From Today’s Cantonese Press

New members join one of the leading bodies of China’s Communist Party, baby formula makes news and LegCo debates if they liked Leung’s Policy address. Another day in Hong Kong’s newspapers!

Five new faces to join the CPPCC Standing Committee

Yesterday, the Standing Committee of the Chinese People’s Political Consultative Conference (CPPCC) met in Beijing to discuss new members. According to current Standing Committee member Chan Wing-kee, former Chief Executive Donald Tsang and current CPPCC delegate Lew Mon-hung will not be delegates to the new CPPCC. Other notable omissions include Wang Guangya, Director of the State Council’s Hong Kong and Macau Affairs Office and current CPPCC Second Vice-Chairman Liao Hui. However, sources from Beijing say that former Chief Secretary for Administration Henry Tang, Henderson Land Development Vice-Chairman Lee Ka-kit, Chairman of the Hong Kong Federation of Fujian Associations Lam Shu-chit, Phoenix Satellite Television Chairman Liu Changle, and Hospital Authority Chairman Anthony Wu will all be Standing Committee members.

 

Health official says government has a plan to ensure baby formula supply

Yesterday, several parents complained on TV about shortages of baby formula in Hong Kong due to excessive purchases by parallel traders. During the television program, Secretary for Food and Health Ko Wing-man said that the current situation is far from ideal and that the government was considering a round of measures to resolve the problem. These measures include listing baby formula as a reserve commodity and controlling exports of the product. The government might also ask baby formula suppliers to better screen business customers by asking them to respond to telephone inquiries and to verify delivery times. Retailers might also have to take part in a goods-reservation system. Ko said that these measures would be announced within three days.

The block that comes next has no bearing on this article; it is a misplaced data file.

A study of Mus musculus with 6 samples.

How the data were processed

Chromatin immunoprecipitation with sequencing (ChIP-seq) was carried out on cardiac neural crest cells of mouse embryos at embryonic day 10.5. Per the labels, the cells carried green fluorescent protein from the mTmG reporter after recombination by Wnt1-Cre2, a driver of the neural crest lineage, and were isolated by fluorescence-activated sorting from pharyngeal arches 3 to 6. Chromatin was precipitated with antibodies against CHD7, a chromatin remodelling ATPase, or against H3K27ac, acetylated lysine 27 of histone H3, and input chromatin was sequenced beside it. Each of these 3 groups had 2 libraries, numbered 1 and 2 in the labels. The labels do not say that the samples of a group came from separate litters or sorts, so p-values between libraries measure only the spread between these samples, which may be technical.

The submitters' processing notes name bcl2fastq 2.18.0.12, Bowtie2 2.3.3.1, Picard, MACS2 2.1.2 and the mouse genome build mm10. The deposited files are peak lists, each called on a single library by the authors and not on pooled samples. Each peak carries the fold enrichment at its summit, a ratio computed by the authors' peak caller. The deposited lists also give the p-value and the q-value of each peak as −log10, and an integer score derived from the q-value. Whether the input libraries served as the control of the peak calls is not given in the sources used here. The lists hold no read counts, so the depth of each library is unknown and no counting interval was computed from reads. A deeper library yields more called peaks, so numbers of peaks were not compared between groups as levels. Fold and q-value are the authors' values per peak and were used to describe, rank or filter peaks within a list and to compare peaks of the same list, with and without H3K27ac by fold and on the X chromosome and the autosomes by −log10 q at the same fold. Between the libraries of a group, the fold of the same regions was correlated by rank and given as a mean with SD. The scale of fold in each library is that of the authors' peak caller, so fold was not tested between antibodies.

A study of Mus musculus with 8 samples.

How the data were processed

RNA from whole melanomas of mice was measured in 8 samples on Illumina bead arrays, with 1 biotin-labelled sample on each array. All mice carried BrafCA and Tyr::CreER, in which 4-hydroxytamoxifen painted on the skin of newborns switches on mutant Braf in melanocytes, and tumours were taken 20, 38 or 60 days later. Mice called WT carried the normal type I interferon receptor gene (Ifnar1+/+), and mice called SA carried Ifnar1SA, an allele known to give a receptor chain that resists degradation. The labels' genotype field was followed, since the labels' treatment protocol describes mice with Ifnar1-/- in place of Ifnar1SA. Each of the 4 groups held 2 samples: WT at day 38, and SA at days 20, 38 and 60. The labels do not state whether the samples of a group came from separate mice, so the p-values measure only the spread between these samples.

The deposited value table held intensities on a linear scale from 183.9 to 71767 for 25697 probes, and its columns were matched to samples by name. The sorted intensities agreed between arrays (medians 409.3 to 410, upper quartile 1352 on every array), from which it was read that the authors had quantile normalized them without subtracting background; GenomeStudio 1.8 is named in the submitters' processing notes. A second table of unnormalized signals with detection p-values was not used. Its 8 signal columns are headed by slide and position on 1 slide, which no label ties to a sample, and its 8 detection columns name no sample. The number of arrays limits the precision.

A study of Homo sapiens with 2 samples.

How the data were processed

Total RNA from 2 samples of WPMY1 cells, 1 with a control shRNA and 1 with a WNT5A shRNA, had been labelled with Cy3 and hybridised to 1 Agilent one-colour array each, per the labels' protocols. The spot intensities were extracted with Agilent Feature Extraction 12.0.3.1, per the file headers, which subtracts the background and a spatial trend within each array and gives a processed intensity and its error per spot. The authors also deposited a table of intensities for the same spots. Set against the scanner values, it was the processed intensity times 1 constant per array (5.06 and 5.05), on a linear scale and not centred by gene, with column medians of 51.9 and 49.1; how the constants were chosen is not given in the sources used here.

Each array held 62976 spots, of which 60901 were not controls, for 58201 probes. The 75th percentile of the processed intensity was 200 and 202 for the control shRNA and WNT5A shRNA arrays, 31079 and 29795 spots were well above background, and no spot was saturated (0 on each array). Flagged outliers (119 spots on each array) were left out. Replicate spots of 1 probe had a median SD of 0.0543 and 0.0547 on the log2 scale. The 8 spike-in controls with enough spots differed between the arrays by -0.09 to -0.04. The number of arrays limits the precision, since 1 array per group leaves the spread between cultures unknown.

Pro-establishment lawmakers push to defend Leung’s Policy Address

LegCo held the first day of a three-day meeting yesterday to discuss Chief Executive Leung Chun-ying’s Policy Address. Although the Policy Address has received low marks from the public in public opinion surveys, pro-establishment lawmakers still tried their hardest to protect Leung. The Democratic Alliance for the Betterment and Progress of Hong Kong said that the Policy Address was more activist than previous addresses. They praised the speech’s recommendations for supporting Hong Kong’s advantages and upcoming opportunities and for their ability to solve the problems of local citizens. Michael Tien, Deputy Chairman of the New People’s Party, praised Leung for his bravery and justice.